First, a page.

Millions of websites offer health-related information. Some of the information is reliable and up to date, but some of it is just wrong or impossible to understand. How can you tell the good from the bad? Here are some tips from MedlinePlus, a service of the U.S. National Library of Medicine and National Institutes of Health.
Where did this information come from?
- The website’s home page should tell you who publishes the site. Is it a branch of the government, a university, a health organization, a hospital, or a business? If the home page does not give you this information, look for an “About us” link or tab. It should say who is running the website and why.
- Websites published by the U.S. government (.gov), a nonprofit organization (.org), or a college/university (.edu) may be more reliable sources of information. Many commercial websites (.com) offer reliable and accurate information, but some commercial for-profit sites may present information in order to sell products.
- Do not rely on just one website. Instead, look at multiple websites to gather as much information as you can.
Is the information factual?
- Health websites for consumers should use simple language and be easy to understand.
- It should be factual and based on medical research, not opinion.
- Look for the author of the information. The author may be an individual, such as a medical expert, or an organization, such as the American Cancer Society.
- Do not use anonymous chat rooms or message boards.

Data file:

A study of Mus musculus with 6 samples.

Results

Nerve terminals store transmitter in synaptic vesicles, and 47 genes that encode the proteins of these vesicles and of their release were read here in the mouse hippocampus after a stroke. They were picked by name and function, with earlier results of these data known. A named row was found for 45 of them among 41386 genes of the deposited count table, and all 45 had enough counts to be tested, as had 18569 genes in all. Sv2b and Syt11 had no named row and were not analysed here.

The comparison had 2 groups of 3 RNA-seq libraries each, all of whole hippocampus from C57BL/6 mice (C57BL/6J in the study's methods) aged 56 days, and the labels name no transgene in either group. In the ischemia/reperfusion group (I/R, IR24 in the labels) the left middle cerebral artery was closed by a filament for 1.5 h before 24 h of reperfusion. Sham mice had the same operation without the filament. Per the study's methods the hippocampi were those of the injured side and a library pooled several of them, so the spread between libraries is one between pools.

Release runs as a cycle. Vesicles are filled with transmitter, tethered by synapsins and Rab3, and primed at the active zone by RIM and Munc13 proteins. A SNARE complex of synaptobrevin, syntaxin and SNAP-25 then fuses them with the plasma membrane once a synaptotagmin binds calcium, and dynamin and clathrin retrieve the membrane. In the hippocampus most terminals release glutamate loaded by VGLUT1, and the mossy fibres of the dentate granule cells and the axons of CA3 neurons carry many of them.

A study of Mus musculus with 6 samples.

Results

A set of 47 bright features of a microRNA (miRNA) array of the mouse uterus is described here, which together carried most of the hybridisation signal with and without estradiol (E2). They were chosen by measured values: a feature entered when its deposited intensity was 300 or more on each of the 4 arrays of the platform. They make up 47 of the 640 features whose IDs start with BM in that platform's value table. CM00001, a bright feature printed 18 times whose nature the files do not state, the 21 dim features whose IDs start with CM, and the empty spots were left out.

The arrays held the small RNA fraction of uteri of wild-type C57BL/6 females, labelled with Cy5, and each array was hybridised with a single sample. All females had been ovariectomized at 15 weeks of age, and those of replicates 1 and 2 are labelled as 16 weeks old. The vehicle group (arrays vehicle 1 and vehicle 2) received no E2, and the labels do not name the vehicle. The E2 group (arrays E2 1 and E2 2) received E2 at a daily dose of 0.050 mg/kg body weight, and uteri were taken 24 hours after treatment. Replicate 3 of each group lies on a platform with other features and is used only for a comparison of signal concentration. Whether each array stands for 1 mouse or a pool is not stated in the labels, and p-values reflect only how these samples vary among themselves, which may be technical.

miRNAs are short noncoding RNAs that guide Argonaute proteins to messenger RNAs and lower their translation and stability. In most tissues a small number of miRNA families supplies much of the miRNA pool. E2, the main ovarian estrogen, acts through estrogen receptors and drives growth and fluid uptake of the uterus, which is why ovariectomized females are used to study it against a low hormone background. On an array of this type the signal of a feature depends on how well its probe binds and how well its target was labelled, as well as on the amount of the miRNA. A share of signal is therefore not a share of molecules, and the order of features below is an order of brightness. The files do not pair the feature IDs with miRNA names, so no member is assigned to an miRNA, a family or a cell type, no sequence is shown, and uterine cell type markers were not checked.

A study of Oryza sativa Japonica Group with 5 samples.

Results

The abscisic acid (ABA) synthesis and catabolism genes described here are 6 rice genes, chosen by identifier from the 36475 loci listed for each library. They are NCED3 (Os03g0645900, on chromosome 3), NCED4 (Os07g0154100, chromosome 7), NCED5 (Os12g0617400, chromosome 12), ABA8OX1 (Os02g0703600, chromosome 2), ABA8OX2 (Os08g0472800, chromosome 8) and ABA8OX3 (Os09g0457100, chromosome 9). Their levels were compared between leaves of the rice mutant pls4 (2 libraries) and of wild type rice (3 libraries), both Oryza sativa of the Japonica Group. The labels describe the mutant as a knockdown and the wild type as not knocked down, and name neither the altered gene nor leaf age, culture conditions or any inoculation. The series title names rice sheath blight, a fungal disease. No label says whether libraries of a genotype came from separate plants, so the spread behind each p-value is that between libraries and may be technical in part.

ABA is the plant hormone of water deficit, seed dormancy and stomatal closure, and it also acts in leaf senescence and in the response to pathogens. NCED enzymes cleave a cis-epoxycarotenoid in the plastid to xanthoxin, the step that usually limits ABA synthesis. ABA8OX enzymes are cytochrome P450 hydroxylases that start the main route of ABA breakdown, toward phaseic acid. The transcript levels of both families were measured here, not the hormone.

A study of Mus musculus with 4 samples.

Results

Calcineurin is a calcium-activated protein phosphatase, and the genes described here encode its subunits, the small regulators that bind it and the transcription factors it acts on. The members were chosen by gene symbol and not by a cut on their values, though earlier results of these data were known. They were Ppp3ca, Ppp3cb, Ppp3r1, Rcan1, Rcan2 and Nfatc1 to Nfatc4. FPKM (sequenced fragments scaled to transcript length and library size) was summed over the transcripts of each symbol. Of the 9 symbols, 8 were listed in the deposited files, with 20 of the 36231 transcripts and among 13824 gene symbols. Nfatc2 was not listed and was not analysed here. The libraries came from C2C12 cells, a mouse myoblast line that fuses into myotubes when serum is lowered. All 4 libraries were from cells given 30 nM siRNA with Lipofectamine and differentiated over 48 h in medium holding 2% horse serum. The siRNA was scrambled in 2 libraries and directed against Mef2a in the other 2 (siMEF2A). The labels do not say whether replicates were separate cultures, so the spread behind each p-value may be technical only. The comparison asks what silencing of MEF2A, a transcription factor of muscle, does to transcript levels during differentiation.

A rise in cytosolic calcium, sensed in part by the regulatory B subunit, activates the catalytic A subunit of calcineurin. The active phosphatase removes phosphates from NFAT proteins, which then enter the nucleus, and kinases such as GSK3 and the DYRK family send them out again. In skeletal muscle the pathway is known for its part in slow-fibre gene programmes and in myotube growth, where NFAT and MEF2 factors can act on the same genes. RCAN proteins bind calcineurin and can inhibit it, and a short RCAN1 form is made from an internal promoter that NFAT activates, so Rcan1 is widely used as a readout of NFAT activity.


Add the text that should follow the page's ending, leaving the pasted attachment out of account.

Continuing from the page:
How up to date is this information?
- Health information is always changing. The website should post the date on which the page was last reviewed or updated on the bottom of the page.
- Look for information that is less than two years old.
Do they want your information? What will they do with it?
- Your health information is confidential. Some sites will ask you to sign in or become a member. They may even ask you for personal information.
Here is a list of reliable websites recommended by The Joint Commission. Please remember to always check with your healthcare provider before making any healthcare decisions based on something that you read online.
- Healthfinder (Available in Spanish)
- Mayo Clinic
- National Library of Medicine
- National Institutes of Health - Health Info Page
- Agency for Healthcare Research and Quality (Some articles available in Spanish)
- Centers for Disease Control and Prevention - Health Topics
- National Cancer Institute (Available in Spanish)
These resources are offered to help guide you to consumer health information. No direct recommendation or sponsorship by The Joint Commission or APIC of these web resources is implied.